FEATURE: Visual aid network poised to venture into Dewsbury


Kirklees Visual Impairment Network (KVIN) has secured a five-year grant thanks to the Reaching Community Lottery Grant.

Pauline Nugent and founder member David Quarmby.

Pauline Nugent and founder member David Quarmby.

The group, predominantly based in Huddersfield, is now putting plans in motion to move into a Dewsbury base and 
offer its services to people in the town and nearby.

Pauline Nugent, a development worker at KVIN, says the grant not only means the group is secure financially but that they can branch out into more areas and hopefully help more people.

“We’ve secured a grant that will help us run for the next five years,” said Pauline.

“It will allow us to hire three part-time workers and will really help us develop our service across more parts of Kirklees.

“We want to develop and get people interested in helping out.

Pauline Nugent

“This will help more people get involved.

“We’ve got a fantastic base in Huddersfield.

“But we will be doing sessions in Dewsbury and we will be advertising dates in the not-too-distant future.”

The group sees members meet up and get specialised one-to-one advice and support from volunteers.

Pauline added: “We rely mostly on volunteers but we’re always looking for more.

“We want to develop and get people interested in helping out.

“We want people to get involved.

“We run three days a week and we often get people travelling in from Dewsbury and Batley but we really want to get into those areas too.” KVIN started in 2008 but has grown over the past nine years, hence the expansion into further parts of the county.

Pauline says that the funding means they are quickly having to try and secure a base in Dewsbury – something she is hopeful of confirming later this month.

“We’re in a state of flux at the minute,” she said.

“It was a big desire of ours to expand.”

The group offers help in many ways but one aspect that proves popular is helping people with visual impairment decide what technology is best suited to them.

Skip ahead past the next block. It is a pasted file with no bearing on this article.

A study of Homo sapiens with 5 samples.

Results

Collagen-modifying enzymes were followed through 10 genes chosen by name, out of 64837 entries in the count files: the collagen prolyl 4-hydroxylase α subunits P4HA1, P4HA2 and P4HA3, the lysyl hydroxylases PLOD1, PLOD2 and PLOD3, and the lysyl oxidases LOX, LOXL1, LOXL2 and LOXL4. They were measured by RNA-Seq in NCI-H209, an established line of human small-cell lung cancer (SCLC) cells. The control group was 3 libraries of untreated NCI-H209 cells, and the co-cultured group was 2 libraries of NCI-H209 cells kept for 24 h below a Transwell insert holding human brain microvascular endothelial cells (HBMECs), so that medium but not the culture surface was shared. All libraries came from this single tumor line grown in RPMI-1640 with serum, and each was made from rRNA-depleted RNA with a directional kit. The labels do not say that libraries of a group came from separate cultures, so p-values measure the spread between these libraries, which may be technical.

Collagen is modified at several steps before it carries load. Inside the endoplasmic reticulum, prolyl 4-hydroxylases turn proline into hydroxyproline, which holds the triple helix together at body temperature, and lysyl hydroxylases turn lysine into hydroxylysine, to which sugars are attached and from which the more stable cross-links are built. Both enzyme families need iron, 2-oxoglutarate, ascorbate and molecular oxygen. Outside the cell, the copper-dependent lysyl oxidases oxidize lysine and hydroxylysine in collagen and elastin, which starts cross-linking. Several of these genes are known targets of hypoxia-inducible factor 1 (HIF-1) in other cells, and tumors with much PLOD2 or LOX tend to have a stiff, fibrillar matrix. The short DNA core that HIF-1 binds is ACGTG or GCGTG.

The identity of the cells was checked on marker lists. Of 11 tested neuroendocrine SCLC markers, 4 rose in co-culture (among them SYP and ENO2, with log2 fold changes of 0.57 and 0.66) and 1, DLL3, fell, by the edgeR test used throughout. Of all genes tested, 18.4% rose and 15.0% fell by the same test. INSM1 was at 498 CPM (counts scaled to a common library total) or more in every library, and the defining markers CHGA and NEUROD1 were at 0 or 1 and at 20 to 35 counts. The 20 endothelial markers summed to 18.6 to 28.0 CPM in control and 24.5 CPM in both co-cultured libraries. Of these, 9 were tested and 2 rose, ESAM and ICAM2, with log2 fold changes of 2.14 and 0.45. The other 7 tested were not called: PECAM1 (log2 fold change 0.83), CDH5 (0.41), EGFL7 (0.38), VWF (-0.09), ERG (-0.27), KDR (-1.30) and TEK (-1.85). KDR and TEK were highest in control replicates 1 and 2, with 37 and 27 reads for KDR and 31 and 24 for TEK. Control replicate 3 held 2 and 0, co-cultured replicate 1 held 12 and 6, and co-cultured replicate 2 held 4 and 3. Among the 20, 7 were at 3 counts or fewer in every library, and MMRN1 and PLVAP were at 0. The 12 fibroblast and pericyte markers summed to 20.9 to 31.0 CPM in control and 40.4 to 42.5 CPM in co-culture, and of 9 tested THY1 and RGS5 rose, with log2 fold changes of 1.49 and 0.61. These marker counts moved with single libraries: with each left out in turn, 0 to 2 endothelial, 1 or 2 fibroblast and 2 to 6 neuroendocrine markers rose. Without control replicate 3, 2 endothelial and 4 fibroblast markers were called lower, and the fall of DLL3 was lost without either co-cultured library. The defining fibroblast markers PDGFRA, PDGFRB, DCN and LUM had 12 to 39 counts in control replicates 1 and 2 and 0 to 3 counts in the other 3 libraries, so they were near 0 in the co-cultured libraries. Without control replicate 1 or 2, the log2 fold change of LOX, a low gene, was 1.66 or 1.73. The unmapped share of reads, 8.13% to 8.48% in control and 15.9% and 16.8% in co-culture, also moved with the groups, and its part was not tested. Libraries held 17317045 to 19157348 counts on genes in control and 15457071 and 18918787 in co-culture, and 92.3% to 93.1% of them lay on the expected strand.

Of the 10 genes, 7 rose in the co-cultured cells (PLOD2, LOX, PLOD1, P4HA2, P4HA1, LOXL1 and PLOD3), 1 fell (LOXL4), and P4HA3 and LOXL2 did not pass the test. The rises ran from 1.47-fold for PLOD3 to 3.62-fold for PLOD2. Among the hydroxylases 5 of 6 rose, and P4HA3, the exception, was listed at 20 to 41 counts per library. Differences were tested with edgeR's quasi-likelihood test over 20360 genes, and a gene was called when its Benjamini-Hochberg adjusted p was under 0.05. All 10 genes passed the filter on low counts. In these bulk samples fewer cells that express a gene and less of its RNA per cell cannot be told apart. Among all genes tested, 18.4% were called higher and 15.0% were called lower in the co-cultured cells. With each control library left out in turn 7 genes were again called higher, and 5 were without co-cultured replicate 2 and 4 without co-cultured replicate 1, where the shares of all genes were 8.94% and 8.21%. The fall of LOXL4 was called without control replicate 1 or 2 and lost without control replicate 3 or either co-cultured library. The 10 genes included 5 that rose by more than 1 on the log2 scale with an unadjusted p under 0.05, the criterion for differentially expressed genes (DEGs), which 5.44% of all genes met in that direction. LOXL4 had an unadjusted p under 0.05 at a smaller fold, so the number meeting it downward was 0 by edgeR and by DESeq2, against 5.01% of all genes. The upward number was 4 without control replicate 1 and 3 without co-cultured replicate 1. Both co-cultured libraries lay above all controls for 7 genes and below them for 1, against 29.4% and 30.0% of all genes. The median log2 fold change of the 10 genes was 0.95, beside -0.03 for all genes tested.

Pauline added: “We’re doing a lot of work with VR (Virtual reality) to maximise people’s independence.

“Technology is constantly changing and we want people with sight issues to be able to use these things that are being produced.

“We try to get the new phones in and we invite people to try and come and try out the latest technology before they buy.

“We do our best to help people to find what is best for them.

“We want them to try before they buy.

“We don’t sell products, we are just objective.”

Sam Heaton, from Dewsbury, will be one of the regular IT peer support volunteers when the new sessions begin. Shes said: “As a volunteer for the organisation and also someone who is visually impaired, I understand the value in terms of independent living that technology can bring to a blind or partially-sighted person’s life.

“I can also appreciate the difficulties many people with sight loss face when it comes to travel and accessing services, so the out-reach sessions planned by KVIN will no doubt be very welcomed by North Kirklees’ visually impaired community.”

To find out more about KVIN and keep up-to-date with its impending Dewsbury dates, visit kvin.org.uk or search for the group’s Facebook page.